Please enjoy this blog authored by Oscar Montezuma, Director at Niubox.
According to Clio’s COVID-19 Impact Research 2020, new legal matters dropped by almost 40% upon the COVID-19 crisis. MyCase survey records that 48% of law offices in the US are operating remotely. These two reports provide us with powerful insights on the global impact this crisis is having in terms of revenue in the legal practice, technology adoption and flexible work policies. However the biggest challenge is how to change culture and introduce a purpose oriented and client-centric mindset in the legal industry in the rise of this extraordinary situation.
In our case, our culture has played a big role in facing the challenges and struggles brought by this crisis. Since we opened back in 2018 we embraced the principles of NewLaw. Among other things, we replaced billable hour for flat fees (moving away from the "we sell time" model), replaced micromanagement for team empowerment, eliminated measurement of team performance through time tracking and replaced it with measuring client satisfaction and implemented strong flex and horizontal work policies.
Last December we did a pilot of 15 days remote work and results exceeded expectations. On January and February, we implemented four day weeks and it worked even better. We can safely say we had good training before the crisis. However, all of this would not be sustainable and remote work would have been tougher if it did not rely on a consistent purpose and set of cultural values taken to practice. The current crisis is putting the culture of law firms (or lack of it) to the test and questioning the traditional law firm business model. For traditional multiservice firms, this will be a huge challenge in terms of the agility and understanding new client needs. We keep strengthening our culture as we move forward.
In the side of business, I think we can be in the wake of a whole new market and set of opportunities for technology law and legal tech professionals. I have been advising for almost 15 years clients in the technology industry and for the first time clients are demanding not only the traditional legal advice on their tech issues but additional technology counseling skills and capabilities.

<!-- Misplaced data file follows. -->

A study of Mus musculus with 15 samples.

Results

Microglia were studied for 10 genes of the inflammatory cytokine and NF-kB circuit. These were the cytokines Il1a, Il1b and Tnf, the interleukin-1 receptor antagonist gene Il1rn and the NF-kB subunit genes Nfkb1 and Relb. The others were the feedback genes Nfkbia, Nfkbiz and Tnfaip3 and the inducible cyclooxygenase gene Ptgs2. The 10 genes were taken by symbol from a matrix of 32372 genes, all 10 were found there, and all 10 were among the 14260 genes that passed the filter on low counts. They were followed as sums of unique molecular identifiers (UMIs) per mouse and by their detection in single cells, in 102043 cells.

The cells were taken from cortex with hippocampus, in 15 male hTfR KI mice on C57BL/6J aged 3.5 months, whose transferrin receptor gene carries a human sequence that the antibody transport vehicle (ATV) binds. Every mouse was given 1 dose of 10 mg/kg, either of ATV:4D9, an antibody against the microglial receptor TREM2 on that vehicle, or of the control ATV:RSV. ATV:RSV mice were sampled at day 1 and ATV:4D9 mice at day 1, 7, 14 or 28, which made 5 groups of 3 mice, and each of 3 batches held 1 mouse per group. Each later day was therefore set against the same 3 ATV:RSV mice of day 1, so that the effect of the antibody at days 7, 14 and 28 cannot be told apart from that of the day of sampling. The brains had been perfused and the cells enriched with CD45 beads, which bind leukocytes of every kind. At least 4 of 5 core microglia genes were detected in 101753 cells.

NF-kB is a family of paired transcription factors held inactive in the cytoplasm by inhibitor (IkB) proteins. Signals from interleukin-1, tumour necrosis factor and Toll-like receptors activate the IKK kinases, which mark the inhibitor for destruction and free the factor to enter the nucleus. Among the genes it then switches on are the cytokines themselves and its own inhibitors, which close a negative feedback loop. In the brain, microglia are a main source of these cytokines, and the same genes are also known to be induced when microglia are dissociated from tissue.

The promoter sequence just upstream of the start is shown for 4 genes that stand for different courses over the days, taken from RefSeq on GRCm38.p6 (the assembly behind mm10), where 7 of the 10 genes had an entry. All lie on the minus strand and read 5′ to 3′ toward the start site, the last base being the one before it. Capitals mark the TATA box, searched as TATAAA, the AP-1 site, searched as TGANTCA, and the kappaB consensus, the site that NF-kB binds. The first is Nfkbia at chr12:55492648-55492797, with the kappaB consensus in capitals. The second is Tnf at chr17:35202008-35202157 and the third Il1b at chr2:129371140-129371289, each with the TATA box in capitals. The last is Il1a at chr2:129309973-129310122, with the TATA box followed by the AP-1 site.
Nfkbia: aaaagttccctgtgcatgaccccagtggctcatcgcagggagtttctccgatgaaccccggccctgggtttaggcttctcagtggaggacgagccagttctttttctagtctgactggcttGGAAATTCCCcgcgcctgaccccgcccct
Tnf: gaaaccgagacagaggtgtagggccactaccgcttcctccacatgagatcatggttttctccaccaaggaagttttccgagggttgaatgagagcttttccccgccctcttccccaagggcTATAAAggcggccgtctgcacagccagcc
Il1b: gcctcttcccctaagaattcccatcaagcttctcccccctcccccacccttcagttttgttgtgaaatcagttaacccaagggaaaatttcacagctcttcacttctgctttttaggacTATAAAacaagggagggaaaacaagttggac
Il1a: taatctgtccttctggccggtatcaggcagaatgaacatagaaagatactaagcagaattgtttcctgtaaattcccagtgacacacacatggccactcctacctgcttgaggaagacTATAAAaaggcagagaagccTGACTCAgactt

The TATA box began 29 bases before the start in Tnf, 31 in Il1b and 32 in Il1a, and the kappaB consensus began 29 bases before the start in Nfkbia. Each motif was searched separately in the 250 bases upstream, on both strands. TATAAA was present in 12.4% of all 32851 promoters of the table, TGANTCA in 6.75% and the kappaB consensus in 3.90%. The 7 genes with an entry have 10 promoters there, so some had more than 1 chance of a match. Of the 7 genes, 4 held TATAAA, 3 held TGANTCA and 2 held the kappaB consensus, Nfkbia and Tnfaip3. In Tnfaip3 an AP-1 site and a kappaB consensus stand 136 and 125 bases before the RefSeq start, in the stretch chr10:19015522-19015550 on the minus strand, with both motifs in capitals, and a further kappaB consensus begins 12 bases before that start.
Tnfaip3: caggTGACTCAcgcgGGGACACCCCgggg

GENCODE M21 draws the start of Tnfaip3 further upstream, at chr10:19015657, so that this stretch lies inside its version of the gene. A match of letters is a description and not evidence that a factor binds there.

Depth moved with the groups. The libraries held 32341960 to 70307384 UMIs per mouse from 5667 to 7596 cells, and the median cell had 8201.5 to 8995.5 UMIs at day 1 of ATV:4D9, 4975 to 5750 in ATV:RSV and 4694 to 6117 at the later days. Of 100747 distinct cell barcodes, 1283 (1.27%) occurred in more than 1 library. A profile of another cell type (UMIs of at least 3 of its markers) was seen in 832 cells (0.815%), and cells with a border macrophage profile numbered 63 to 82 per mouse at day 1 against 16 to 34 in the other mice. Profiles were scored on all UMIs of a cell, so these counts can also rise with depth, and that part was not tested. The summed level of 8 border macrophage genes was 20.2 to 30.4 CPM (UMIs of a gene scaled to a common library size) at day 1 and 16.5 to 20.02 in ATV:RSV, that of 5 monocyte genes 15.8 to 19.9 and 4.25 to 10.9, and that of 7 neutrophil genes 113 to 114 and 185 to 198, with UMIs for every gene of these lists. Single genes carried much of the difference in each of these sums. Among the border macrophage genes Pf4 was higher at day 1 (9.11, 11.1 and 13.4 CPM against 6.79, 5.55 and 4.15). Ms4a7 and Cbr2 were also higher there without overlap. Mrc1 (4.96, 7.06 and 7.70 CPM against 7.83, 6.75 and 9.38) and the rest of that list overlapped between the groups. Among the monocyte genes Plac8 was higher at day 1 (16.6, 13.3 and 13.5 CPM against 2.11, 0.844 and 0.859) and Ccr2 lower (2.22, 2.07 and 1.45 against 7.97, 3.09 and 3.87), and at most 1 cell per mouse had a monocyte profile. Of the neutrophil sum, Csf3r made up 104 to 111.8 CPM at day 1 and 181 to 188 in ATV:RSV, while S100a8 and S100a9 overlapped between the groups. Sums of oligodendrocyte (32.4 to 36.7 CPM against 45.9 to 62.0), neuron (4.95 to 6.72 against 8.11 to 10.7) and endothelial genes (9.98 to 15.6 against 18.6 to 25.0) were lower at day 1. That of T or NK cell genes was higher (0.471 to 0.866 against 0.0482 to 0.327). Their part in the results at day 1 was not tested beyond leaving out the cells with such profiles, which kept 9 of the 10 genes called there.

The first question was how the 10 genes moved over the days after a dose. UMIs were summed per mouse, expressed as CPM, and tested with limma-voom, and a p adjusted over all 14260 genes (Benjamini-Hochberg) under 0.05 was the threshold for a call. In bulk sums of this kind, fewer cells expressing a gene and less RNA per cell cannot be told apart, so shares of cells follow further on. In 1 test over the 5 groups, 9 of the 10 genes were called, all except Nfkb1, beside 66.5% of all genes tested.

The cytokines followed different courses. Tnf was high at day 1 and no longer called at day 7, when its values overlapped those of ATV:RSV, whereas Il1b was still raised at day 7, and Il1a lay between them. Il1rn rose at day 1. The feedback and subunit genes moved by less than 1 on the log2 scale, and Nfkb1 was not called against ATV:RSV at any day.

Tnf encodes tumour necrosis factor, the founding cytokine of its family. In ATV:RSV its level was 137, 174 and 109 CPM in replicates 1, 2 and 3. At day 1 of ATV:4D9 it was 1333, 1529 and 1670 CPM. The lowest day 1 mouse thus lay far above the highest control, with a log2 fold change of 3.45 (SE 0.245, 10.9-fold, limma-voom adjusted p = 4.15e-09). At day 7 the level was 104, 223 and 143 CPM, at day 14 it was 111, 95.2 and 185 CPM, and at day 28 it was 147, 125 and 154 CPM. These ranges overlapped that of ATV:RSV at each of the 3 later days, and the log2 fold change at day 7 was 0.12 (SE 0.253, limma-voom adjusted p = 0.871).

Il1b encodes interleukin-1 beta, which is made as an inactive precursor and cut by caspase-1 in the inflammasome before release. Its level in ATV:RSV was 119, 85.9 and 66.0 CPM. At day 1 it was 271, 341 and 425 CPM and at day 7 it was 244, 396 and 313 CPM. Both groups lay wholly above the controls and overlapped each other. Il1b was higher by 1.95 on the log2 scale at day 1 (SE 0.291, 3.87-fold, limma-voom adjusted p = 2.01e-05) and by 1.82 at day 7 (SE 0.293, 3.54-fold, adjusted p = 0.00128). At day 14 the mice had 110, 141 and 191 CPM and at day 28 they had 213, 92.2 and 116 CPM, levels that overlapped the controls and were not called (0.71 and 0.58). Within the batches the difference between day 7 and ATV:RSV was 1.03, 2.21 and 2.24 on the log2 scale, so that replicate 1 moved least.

As for technology tools that continue being a great support for our work in the midst of the COVID-19 crisis we can mention the following:
- Work management solutions. As we eliminated time tracking from our DNA, we have tried different project management solutions. Our bet is now on Wrike which has an array of functionalities for managing from simple tasks to more complex projects.
- Meeting planning and collaborative work. We have been working with G-Suite tools where Google Calendar stands out, however given the large amount of e-meetings Calendly has been a great tool for helping us organize our time and ease the scheduling of meetings with clients. Collaborative real time work powered by Google Docs has also been essential.
- E-signatures. Twenty years ago the world was discussing the regulation and usage of Public Key Infrastructure (PKI) systems for e-signing with legal validity. In Peru digital signatures (PKI) have a more robust legal protection than generic electronic signatures, however both are legally valid. We have been assessing clients in their acquisitions of legal signatures and also have been adopting them for our internal use and submission of documents to public entities.
- Communications and videoconference. For e-meetings with clients, Google Meet, has been a very useful and stable solution. However for large video conference sessions such as webinars Zoom is still an industry standard.
However, I think the best way to be prepared for a pandemic event like COVID-19 again is to focus on purpose, culture and human values. This mindset change powered with technology can be a winner and open new avenues for innovation and disruption for any legal organization.